The raging debate on whether the MMR vaccine causes autism in children comes down to this — nearly the entire medical community is on one side, while controversial British doctor Andrew Wakefield and Jenny McCarthy are on the other.
Stuck in the middle are desperate parents — autism affects 1 in 150 American children — who are suspicious over the establishment’s motives in propagating vaccinations and willing to cling to Wakefield’s wild, unsupported theory that the MMR vaccine causes bowel disease and in turn, autism.
A British TV documentary exposed Wakefield’s work as questionable, to say the least. Months before he published the 1998 study, Wakefield had a hand in securing patents for vaccines that could replace MMR, and his methodology was suspect and hasn’t been reproduced by follow-up studies by others.
That hasn’t stop the debunked research from causing a lasting panic, which dropped immunization rates in England and left babies and toddlers there and in the United States, where Wakefield now practices, exposed to deadly diseases when their immune systems haven’t fully developed. Some parents even opt to put their kids through potentially dangerous colonoscopy procedures Wakefield recommends.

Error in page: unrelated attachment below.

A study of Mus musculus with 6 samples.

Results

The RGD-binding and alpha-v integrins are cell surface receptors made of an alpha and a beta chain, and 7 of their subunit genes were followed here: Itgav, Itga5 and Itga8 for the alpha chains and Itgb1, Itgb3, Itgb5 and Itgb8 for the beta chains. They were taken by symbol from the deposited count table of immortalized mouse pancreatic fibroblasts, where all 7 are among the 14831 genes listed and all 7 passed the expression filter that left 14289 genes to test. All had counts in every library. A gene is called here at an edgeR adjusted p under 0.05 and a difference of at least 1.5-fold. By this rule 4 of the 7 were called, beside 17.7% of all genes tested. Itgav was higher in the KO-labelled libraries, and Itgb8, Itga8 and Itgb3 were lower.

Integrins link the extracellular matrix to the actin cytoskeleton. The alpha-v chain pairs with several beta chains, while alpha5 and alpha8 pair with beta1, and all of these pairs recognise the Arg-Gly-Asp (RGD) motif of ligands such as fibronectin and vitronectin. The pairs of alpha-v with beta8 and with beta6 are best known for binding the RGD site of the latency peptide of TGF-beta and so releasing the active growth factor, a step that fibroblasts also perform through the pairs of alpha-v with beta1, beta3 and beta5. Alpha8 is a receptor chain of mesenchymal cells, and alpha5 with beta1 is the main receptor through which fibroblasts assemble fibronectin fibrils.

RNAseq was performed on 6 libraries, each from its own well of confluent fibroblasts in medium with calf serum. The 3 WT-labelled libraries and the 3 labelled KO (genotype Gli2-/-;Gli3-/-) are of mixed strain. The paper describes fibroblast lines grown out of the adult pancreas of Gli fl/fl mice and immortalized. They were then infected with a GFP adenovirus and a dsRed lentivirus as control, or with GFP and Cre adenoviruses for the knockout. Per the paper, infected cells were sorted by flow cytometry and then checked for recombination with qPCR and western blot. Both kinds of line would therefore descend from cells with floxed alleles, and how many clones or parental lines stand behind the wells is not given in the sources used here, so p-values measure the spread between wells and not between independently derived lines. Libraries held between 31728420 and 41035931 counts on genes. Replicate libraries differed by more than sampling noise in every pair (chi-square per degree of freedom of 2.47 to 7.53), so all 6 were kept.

NBC’s Dateline did its part to clarify the debate Sunday night by airing an episode titled “A Dose of Controversy,” in which Matt Lauer sat the elusive Wakefield down for a long interview, of which the internet seems not to have captured. The doctor held up as well as could be expected, but seemed squirmy and uncomfortable as Lauer grilled him.
In her analysis of the program and the debate, developmental psychologist Jean Mercer examines the mentality behind Wakefield’s supporters, desperate for an explanation of a condition that is thus far inexplicable.
The evidence seems to be that Andrew Wakefield and his followers jumped to their conclusions rather than building them carefully on a foundation of reliable information.
The sad thing is, parents who want reliable information on Wakefield’s claims have access to it — it’s doubtful they’ll be able to find a pediatrician who recommends against MMR — but refuse to seek it out or listen to it. When it comes to the specter of autism, irrational information that justifies unfounded fears appeals to some over reliable science.